Durable Goods Orders: Capital Investment Up in Recent Months

By at 27 October, 2020, 3:15 pm

by Raymond J. Keating-

Durable goods manufacturers’ orders increased by 1.9 percent in September, according to the latest report from the U.S. Census Bureau. That marked the fifth monthly increase in a row, after the large declines in March and April (see chart below). However, as of September year to date, new orders were down by 10.1 percent versus the same period last year.

Source: Federal Reserve Bank of St. Louis, FRED

It’s always important from an economic growth standpoint to take note of capital goods, i.e., business investment in productive capacity. New orders for capital goods increased by 4.7 percent in September, following on growth in July and August (see following chart). Previously, a big falloff in March and April was followed by a spike up in May and another large decline in June. This data does tend to be volatile on a monthly basis. Even with three months of growth, new orders year to date as of September were off by 12.4 percent versus last year.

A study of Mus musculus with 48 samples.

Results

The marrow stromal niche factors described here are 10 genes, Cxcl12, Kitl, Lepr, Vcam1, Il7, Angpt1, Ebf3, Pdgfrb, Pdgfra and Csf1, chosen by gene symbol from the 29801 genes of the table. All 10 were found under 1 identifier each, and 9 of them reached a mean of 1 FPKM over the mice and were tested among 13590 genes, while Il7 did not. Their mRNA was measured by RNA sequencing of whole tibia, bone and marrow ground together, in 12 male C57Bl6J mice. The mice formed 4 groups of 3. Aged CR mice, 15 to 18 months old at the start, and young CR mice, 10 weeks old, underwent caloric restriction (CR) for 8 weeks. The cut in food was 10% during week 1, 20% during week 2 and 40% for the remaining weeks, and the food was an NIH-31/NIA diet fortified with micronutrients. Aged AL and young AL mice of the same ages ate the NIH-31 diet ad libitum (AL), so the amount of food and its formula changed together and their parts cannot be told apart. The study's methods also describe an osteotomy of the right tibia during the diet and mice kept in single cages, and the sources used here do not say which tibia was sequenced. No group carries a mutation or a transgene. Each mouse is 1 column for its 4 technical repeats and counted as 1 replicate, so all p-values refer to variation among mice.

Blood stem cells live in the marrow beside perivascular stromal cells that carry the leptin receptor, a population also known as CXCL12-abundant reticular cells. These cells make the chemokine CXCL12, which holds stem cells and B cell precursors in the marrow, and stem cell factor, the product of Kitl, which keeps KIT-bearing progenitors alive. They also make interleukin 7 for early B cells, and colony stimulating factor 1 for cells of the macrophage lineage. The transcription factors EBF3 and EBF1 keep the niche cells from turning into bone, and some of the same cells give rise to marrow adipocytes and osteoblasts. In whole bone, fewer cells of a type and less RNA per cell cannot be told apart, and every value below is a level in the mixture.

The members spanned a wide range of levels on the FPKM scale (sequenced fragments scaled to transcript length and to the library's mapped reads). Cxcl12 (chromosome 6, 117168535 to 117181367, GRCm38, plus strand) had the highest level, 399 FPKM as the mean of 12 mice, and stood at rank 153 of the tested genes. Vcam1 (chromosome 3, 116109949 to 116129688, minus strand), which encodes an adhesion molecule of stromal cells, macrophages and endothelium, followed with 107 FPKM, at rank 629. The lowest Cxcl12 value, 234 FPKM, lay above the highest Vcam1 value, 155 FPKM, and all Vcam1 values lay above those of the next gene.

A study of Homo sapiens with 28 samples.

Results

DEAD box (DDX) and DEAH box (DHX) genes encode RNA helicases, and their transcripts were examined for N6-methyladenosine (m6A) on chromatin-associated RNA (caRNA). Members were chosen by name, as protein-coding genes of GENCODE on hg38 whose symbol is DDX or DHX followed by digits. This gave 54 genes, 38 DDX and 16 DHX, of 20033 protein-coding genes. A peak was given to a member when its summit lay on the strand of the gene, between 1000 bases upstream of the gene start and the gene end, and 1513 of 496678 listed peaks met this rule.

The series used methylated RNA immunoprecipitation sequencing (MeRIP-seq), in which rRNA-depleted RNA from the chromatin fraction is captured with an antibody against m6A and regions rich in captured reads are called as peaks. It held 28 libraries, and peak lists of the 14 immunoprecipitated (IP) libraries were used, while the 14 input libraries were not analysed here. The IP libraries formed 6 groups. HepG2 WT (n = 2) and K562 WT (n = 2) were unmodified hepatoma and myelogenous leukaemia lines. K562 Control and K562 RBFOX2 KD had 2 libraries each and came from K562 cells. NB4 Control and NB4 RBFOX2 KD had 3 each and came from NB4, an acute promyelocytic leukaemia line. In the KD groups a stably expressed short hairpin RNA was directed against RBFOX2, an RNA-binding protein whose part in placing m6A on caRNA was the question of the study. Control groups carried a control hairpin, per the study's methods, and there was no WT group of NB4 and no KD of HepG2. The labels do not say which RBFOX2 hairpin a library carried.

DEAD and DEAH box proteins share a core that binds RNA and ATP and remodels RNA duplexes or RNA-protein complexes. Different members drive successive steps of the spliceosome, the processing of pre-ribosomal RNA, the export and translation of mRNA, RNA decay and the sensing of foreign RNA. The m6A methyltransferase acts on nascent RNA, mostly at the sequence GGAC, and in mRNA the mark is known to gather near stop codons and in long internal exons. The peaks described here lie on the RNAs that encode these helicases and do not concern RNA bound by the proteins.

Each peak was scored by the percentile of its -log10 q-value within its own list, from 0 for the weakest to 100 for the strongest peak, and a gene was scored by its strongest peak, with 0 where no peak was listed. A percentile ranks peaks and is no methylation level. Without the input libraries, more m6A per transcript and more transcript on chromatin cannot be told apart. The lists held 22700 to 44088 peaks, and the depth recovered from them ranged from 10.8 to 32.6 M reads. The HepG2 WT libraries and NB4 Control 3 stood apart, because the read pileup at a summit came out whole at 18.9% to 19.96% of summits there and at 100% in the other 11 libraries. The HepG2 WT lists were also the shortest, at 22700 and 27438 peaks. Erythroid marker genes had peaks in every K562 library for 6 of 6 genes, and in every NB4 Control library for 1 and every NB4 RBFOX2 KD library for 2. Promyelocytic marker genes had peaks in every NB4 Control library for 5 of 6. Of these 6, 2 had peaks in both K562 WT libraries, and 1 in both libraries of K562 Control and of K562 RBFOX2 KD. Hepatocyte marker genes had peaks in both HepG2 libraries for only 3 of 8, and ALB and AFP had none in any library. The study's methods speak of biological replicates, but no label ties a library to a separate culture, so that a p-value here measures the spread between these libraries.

Source: Federal Reserve Bank of St. Louis, FRED

Nondefense capital goods excluding aircraft new orders is particularly noteworthy given that it’s a signal for what private investment in equipment and software will look like in the GDP data. This measure grew by 1.0 percent in September. We’ve seen growth here now for four straight months, but slowing in each month (see the following chart). Compared to the same time last year, these orders year to date were down by 0.5 percent – which given what’s happened in our economy, isn’t all that bad.

Source: Federal Reserve Bank of St. Louis, FRED

The September durable goods orders report shows manufacturing and investment moving ever so slowly in the right direction, as we try to claw out of a deep hole – even while also trying to figure out the implications of the recent rise in COVID-19 cases.

Raymond J. Keating is chief economist for the Small Business & Entrepreneurship Council.